Kagoshima Shochu Makers Target Foreign Palates with New Liquors

The Yomiuri Shimbun
Bartenders from the United States taste sweet potato shochu.

KAGOSHIMA — Shochu makers in Kagoshima Prefecture are taking advantage of the relaxation of border control measures to increase shochu fans overseas and explore new demand for the distilled beverage.

In early November in 2022, five bartenders working at bars and restaurants in the United States visited Hamadasyuzou in Ichikikushikino in the prefecture. They saw how shochu is produced and listened to explanations from the brewery’s president Yuichiro Hamada.

While tasting its sweet potato shochu, the bartenders commented that shochu’s floral aroma suits cocktails, and that different alcoholic strengths vary the flavors of the same shochu brand in an interesting way.

Four prefectures in the Kyushu region — Kagoshima, Miyazaki, Kumamoto and Oita — invited the five to deepen their understanding of the liquor’s tradition and appeal, hoping to raise its profile in the U.S. market and eventually expand exports. During their four-day visit, the bartenders toured a brown sugar shochu maker in the Amami Islands and a shochu maker in Miyazaki Prefecture as well.

Chris Bostick, who runs a restaurant in Texas, said he learned about the passion of the shochu makers and the liquor’s history and found that it is a drink with a story. He said he wants to use shochu in the U.S. if it becomes available.

Another chance

The shochu industry in Kagoshima Prefecture has been hit by a COVID-triggered decline in demand from restaurants and the rising cost of raw materials due to an outbreak of sweet potato blight.

In the medium to long term, shipments have continued to decline, and the volume of authentic shochu produced in the prefecture has been below the previous year’s level for nine consecutive years through to the 2021 brewing year of July 2021 to June 2022.

The prefecture’s shochu industry has long sought to expand exports to Western countries to broaden its sales channels, but the pandemic interrupted the opportunity to promote the liquor. The opportunity has resurfaced, however, with the drastic relaxation of COVID-19 border control measures in October last year.

Hamadasyuzou exports strong potato shochu for overseas markets.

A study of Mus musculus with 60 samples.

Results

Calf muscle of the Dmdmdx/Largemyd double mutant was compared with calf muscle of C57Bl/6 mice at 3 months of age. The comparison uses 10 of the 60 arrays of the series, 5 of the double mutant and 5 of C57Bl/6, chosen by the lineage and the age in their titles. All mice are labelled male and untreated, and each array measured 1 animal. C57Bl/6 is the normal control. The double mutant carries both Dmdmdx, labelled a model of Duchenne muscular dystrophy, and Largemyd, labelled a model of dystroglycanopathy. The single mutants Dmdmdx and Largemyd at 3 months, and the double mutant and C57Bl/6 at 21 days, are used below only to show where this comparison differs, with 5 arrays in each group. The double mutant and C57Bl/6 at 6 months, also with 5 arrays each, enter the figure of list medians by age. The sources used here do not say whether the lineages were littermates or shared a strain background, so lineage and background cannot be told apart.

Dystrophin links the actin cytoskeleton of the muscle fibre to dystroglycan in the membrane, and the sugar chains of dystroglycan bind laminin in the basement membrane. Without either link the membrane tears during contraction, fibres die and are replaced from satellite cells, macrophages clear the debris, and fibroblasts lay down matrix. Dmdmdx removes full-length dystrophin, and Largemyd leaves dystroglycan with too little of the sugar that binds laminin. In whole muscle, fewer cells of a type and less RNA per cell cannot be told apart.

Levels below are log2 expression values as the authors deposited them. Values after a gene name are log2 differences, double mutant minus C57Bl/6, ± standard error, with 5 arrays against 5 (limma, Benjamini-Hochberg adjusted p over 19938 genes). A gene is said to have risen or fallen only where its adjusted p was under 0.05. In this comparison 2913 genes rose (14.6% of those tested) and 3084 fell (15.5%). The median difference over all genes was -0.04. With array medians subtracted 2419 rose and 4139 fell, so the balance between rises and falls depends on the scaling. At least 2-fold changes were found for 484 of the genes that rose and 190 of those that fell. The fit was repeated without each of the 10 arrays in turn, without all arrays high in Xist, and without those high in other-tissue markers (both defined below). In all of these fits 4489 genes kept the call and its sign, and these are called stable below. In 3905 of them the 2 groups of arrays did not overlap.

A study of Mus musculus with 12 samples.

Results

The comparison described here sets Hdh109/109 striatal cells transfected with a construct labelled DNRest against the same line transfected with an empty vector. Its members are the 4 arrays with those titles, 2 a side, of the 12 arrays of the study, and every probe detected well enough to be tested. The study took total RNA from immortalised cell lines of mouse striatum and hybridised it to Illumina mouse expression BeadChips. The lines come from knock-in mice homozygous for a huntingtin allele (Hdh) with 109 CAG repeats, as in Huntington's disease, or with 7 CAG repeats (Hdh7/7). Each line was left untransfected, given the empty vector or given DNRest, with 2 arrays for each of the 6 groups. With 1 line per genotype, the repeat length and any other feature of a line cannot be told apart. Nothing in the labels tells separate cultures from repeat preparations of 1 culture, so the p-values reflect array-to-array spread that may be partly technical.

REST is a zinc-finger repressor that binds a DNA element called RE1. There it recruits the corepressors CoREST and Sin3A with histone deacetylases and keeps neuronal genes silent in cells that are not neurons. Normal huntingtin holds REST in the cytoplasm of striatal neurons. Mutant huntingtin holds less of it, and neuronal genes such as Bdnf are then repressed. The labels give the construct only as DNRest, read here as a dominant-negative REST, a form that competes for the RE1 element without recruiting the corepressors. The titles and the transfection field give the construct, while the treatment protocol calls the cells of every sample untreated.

“I learned that it’s important to create even a small number of dedicated shochu fans,” Hamada said. “I want to promote shochu more in the U.S.”

The relaxation of restrictions is expected to bring more foreign visitors to Japan. There is a movement to broaden the range of domestic distilled spirits to match the tastes of foreigners.

Since 2020, Satsuma Shuzo Co. in Makura-zaki, Kagoshima Prefecture, has released the Sleepy series, which is made by storing unblended shochu in barrels for a long time. The Sleepy comes in barley, sweet potato and rice shochu.

The brand has an amber color like whisky. While it preserves the flavor of shochu, it also has a fruity, grain-like aroma that is full-bodied.

Naoya Hombo, marketing director of the brewery, said the Sleepy is “distinct from ordinary shochu.”

Under the liquor tax law, the Sleepy is categorized as liquor, but Minori Momota, who was involved in developing the brand, said, “Even though it’s not called shochu, people can enjoy the taste of its unblended shochu.”

The company’s priority is to attract Japanese shochu fans, but Satsuma Shuzo is also targeting foreign visitors, who are expected to increase in number. However, many foreigners think of whiskey when it comes to distilled spirits, and it is thought to be difficult for shochu to penetrate the market.

“I hope the Sleepy series will be picked up by foreign customers who are familiar with whisky,” Hombo said. “We want them to learn about the quality and depth of shochu and eventually increase demand.”